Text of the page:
TBILISI, DFWatch–The parliamentary election in South Ossetia Sunday was soundly won by a political bloc which wants the breakaway region to join the Russian Federation.
The party Edinaya Ossetia, or United Ossetia, has union with Russia as a ‘preliminary’ goal, and reunion with North Ossetia, a Russian autonomy, as its final and most important goal.
Edinaya Ossetia, a party led by an ally of the former president Kokoity, Valeri Bibilov, won, according to preliminary results about 43 percent and will get 20 of the 34 seats.
Edinstvo Naroda, or People Solidarity, received 17 percent of the votes, clinching the second place. Two other parties, Popular Party (9%) and Nykhas (7.5%) also passed the 7 percent threshold.
There are 46,000 voters in the region and turnout was over 60 percent, according to the de facto government.
International organizations did not come to observe, but there was an international observer corps of hundreds of volunteers from countries including Germany, Italy, France, Greece, Lithuania, the United States and Russia. According to RIA Novosti, it is the largest numbers of international observers ever in a South Ossetian election.
In a preliminary statement the mission says the elections were held in keeping with international standards and in an atmosphere of political pluralism and freedom of expression, according to South Ossetia’s government-run news agency RES.
The European Union did not recognize the election as valid. “The European Union supports the territorial integrity and sovereignty of Georgia, as recognized by international law. In view of the reports about the elections in the Georgian breakaway region of South Ossetia on 8 June, we recall that the European Union does not recognize the constitutional and legal framework within which these elections have taken place,” a statement issued by the European External Action Service said.
Georgia’s Foreign Affairs Ministry says the ‘so-called election’ legalizes ethnic cleansing and doesn’t comply with international norms.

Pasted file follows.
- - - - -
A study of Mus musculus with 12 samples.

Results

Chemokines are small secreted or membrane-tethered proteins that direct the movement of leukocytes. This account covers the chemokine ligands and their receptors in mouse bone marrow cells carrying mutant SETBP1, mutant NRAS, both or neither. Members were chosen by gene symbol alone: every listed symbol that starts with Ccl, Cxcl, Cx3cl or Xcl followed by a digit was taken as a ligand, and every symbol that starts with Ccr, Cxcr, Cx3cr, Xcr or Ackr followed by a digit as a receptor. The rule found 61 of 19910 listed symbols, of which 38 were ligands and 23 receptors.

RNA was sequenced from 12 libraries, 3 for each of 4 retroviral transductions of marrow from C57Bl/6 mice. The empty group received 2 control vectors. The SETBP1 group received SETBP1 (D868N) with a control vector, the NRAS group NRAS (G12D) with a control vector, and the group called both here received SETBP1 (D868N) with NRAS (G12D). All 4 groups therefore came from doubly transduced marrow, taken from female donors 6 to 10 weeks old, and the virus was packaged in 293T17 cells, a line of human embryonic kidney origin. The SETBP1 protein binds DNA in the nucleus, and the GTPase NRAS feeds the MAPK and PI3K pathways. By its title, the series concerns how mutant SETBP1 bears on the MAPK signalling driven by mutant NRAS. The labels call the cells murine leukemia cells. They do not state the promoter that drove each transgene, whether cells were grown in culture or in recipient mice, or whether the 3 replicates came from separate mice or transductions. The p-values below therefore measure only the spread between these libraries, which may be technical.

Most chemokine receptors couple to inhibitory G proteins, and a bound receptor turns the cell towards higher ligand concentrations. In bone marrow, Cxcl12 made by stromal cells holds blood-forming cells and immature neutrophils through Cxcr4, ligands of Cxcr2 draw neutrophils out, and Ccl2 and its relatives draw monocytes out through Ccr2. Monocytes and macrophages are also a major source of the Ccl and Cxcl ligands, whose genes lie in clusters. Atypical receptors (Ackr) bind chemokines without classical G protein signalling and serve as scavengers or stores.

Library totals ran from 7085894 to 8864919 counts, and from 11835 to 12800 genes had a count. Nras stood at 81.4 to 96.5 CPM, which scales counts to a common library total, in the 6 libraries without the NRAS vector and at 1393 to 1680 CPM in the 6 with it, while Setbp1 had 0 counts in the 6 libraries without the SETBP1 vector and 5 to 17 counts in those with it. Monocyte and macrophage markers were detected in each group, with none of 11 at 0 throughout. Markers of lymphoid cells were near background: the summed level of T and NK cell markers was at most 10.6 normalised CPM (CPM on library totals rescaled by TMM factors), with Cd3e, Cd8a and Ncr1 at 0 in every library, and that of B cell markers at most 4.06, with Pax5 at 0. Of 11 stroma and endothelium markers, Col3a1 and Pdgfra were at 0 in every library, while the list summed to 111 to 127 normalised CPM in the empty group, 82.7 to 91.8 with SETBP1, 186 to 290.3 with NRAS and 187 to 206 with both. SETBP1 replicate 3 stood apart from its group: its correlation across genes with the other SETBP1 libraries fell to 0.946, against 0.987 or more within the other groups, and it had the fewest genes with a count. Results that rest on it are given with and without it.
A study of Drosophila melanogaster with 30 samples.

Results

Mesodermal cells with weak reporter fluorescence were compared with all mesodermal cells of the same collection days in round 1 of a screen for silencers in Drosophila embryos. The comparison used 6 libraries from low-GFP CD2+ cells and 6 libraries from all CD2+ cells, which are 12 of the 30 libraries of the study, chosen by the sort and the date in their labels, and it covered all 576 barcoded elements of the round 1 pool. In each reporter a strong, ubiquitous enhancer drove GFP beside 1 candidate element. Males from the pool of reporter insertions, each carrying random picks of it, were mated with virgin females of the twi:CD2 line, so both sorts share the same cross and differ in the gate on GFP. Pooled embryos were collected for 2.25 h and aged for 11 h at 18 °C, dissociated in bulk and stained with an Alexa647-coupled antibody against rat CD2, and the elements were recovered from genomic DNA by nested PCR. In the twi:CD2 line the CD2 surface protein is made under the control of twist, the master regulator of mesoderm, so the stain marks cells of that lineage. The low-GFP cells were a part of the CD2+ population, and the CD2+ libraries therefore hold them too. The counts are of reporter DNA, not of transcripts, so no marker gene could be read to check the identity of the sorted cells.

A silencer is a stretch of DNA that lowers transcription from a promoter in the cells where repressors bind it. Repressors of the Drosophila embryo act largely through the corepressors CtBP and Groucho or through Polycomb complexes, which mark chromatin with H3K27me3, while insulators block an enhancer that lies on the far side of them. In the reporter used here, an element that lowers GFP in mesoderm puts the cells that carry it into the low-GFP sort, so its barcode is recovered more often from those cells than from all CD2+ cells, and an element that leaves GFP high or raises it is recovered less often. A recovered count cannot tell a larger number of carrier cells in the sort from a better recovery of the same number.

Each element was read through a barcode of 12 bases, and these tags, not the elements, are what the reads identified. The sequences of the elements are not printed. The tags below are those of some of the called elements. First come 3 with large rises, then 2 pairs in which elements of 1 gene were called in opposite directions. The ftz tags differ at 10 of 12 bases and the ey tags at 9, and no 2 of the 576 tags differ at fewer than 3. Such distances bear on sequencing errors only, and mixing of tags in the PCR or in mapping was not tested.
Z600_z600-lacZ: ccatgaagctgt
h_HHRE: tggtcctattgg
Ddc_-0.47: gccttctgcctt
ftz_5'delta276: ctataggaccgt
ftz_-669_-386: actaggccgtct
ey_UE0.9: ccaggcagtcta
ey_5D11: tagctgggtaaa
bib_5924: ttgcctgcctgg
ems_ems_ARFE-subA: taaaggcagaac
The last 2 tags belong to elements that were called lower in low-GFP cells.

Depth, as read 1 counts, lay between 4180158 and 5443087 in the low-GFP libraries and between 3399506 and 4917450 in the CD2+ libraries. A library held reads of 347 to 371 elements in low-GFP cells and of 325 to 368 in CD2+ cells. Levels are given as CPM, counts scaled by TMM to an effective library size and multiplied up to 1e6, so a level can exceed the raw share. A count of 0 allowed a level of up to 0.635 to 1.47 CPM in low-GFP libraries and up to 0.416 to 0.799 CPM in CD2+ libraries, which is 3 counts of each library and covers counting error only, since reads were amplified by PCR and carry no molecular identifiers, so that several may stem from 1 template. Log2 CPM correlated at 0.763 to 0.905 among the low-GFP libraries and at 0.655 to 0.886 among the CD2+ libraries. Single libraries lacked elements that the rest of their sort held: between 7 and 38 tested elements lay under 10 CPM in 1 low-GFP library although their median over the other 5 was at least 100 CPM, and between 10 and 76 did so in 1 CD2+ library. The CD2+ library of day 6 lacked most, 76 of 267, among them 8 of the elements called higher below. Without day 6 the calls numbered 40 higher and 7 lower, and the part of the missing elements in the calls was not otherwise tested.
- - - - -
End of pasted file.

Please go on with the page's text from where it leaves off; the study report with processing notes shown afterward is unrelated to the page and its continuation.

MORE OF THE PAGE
Edinaya Ossetia ran a campaign on a promise to hold a referendum on joining Russia. In its five steps program, the first two are to initiate and to conduct a referendum on acceding to Russia. Then the parliament will ask Moscow to accede, and the remaining steps are a working process to rewrite the constitution and legislation. This requires support from all the deputies, according to RIA Novosti’s Mikhail Sheynkman.
Almost all the parties made a similar election promise, according to political commentator Dimitry Medoyev.
Mamuka Areshidze, who works on Caucasus issues, told DF Watch that this is a ‘new trend’ in the policy of Tskhinvali.
But Alexey Malashenko, from Moscow-based Carnegie Foundation told Radio Freedom, ‘this idea [of Ossetian reunion in the Russian Federation] has always been present, and it seems it will so be in future too. However, to realize it will take quite a long time, if ever.’
Paata Zakareishvili, State Minister for Reconciliation and Civil Equality says that ‘this is a signal from Tskhinvali and there hasn’t been any response from Russia.’ He thinks that it is still necessary to observe the situation and not panic.
Although Tbilisi eyes with caution developments in South Ossetia, it seems no-one in Moscow will seriously weigh a ‘Crimean scenario’ in South Ossetia; that the region is annexed into Russia justified by a popular vote.
However, Malashenko said that while Moscow’s financial support to Abkhazia has been gradually diminishing, it recently announced an ambitious plan to subsidize South Ossetia with USD 230 million during next three years. Abkhazia with its 3,5 times larger population than South Ossetia, receives annual subsidies that in 2013 amounted to about USD 55 million.
A few weeks ago, pro-Russian politicians and a large crowd of their supporters gathered in Sokhumi and ousted the Abkhaz president Alexander Ankvab. Their slogan was ‘closer ties’ with Russia. In the upcoming snap elections to find a replacement for Ankvab, it seems Raul Khajimba, a former KGB officer, is set to win overwhelmingly.
South Ossetia and Abhazia broke away from Georgia in the early 1990s but have mostly failed to achieve recognition as independent states, except for Russia and later Venezuela and Nicaragua recognizing them following the 2008 Russia-Georgia war.